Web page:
Handling more than one fighting game at a time?


#1

I’m trying to get better at several fighting games right now i.e. SSFIV AE, MVC3, MK9, and I just seem to fall behind quite a bit. I feel like if I get better in one game, I get worse in another, and it’s too much time taken from my day to try to get practice in all 3. I’m trying to get good enough to place well in tournaments and whatnot, and I love playing all three. What should I do? Does anyone else have this problem?

Thanks.


#2

I remember a tweet from Alex Valle once: “Protip: If you’re playing only one fighting game, you are limiting your potential.”

The thing is, I know how you feel. Especially if you’re busy with a job or school, you can definitely notice your execution slipping if you don’t constantly practice, and you may develop bad habits from certain games. I can’t tell you how long it took me to try to stop pushblocking in SSFIV when I came back to it after a while of only MvC3, and then the button-blocking of MK9 threw me off for way too long.

That said, take Alex’s ‘protip’ to heart. I also feel that some of the experiences I get in one fighting game often translate to another. You can learn clever ways to move around and mixup, you may learn a new way to execute certain motions that you never considered before, etc. And the “bad habits” I say you can develop, disappear over time, and then you can competently jump from one game to the next with ease.

I play multiple games. In fact, pretty much as many as possible. Along with the three you mentioned, I also play around with Melty Blood, Vampire Savior, and Guilty Gear. Sure, if I only played one game, I could be better at it, but I don’t think I would be MUCH better. If you enjoy all three games, play them all. You could, however, try focusing on only one game for a few weeks or so, and see if you like that better. If you find you miss playing the other games…then you found your answer right there through your own experiences.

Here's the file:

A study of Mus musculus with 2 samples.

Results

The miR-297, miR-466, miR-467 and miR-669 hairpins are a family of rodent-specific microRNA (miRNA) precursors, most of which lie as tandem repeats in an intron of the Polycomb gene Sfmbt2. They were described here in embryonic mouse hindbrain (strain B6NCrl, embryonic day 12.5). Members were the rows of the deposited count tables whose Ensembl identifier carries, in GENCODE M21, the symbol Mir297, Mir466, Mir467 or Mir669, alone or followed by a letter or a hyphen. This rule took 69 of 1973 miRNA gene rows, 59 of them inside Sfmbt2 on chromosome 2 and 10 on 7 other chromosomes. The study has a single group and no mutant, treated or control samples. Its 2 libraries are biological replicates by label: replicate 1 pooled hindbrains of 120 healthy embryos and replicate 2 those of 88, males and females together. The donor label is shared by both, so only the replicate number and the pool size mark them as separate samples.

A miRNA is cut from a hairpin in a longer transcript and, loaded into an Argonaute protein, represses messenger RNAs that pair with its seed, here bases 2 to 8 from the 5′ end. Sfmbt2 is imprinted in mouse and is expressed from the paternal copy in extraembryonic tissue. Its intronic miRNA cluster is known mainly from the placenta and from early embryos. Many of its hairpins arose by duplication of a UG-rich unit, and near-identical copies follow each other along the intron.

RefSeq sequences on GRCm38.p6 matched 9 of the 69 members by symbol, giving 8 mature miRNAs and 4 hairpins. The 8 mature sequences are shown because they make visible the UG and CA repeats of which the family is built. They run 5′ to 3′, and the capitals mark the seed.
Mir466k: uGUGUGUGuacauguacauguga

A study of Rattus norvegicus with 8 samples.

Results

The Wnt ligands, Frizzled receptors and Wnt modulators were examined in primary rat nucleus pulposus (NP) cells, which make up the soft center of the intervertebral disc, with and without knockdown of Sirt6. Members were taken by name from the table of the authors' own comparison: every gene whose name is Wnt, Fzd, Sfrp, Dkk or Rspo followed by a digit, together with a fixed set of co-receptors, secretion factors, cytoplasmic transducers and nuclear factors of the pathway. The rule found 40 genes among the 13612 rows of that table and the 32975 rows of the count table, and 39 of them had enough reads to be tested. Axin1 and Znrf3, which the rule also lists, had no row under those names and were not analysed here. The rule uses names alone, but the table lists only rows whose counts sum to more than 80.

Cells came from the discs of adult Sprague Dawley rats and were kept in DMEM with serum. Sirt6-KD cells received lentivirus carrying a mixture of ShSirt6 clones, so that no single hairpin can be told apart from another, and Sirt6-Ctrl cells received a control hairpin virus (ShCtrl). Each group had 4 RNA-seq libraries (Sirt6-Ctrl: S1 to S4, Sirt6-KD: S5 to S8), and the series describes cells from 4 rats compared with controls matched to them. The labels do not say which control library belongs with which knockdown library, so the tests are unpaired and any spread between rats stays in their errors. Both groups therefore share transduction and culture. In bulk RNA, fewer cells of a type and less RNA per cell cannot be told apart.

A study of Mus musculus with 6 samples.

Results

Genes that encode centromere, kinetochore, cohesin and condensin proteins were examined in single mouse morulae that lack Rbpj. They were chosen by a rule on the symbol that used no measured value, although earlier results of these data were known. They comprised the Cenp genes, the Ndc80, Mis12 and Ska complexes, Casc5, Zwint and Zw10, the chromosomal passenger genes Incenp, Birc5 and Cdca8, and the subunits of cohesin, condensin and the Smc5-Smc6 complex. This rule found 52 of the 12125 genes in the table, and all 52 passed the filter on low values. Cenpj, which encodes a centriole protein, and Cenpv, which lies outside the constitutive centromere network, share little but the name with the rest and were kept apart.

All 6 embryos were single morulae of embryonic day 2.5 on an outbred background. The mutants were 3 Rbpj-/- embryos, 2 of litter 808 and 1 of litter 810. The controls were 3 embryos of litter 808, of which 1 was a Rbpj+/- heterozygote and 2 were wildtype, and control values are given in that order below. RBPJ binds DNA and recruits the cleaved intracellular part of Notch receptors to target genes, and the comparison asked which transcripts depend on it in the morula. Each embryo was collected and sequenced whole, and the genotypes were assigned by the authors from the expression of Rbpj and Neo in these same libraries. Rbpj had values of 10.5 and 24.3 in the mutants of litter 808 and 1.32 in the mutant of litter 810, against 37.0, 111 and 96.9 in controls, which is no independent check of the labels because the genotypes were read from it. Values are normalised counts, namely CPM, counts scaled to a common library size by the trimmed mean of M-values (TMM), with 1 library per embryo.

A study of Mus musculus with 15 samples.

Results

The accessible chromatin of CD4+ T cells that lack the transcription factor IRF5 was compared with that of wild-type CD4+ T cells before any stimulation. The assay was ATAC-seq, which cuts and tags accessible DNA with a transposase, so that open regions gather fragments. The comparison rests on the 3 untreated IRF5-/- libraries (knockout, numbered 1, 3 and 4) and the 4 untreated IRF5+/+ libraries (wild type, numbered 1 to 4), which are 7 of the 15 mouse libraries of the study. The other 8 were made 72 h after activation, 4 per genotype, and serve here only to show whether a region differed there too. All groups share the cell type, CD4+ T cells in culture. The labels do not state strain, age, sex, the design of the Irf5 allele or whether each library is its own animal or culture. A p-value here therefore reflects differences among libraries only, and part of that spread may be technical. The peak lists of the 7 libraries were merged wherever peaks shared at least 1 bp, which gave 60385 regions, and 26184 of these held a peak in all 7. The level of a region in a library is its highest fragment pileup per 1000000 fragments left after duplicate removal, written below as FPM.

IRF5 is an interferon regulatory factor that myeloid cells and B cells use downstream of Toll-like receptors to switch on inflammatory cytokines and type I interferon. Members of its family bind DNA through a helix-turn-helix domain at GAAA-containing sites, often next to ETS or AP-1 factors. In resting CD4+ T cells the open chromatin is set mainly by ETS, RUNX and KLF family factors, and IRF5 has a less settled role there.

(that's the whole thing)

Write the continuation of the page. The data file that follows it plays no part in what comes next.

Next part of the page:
#3

i play mk9 and sf4 mostly. and i myself do feel abit weird when i swap from one game to another.


#4

Not really. I may get rusty for a short duration due to forgetting certain things but that aside I do quite well. Frankly I took a break from SSF4 for perhaps what was well over half a year having went through MvC3, MK9, Tekken 6, Arcana Heart 3 and still played great on the day I tried it again, using focus attacks was rather a big thing that separated me from many others, but that’s just one option that really stood out. When trying a new fighting game all it requires is memorizing a lot of new stuff which I tend to loathe.


#5

I don’t know how long it took me to quit trying to focus attack with every character in MvC 3 at first. I knew it wasn’t SSF4, but somewhere I still wanted to believe Iron Man would FADC into a hyper. Anyway, you play one long enough you’ll develop habits, but over time, your brain can acustom itself to the variety and will get on track, and you may even improve because of it. If nothing else, you get a break from SSF4 playing MvC 3 or Blazblue, and come back refreshed later.


#6

here’s a venn diagram that probably won’t help you understand the situation

http://img856.imageshack.us/img856/294/venndiagram.jpg

the games have more in common than they have differences

you should get to a point where you can just say “ok, i’m solid at any fighting game i touch, i just have to do X slightly differently for this game, tell myself not to do Y, and work on doing Z 100% of the time”


#7

Your mindset doesn’t change, just the rules and input. It’s always been easy for me to pick something up if I wanted to get good at it instead of just messing around.


#8

I would have put “divekicks” as a similarity between both Marvel and SFIV, but keep “holy shit more divekicks” in SFIV only, but other than that, it looks pretty spot on.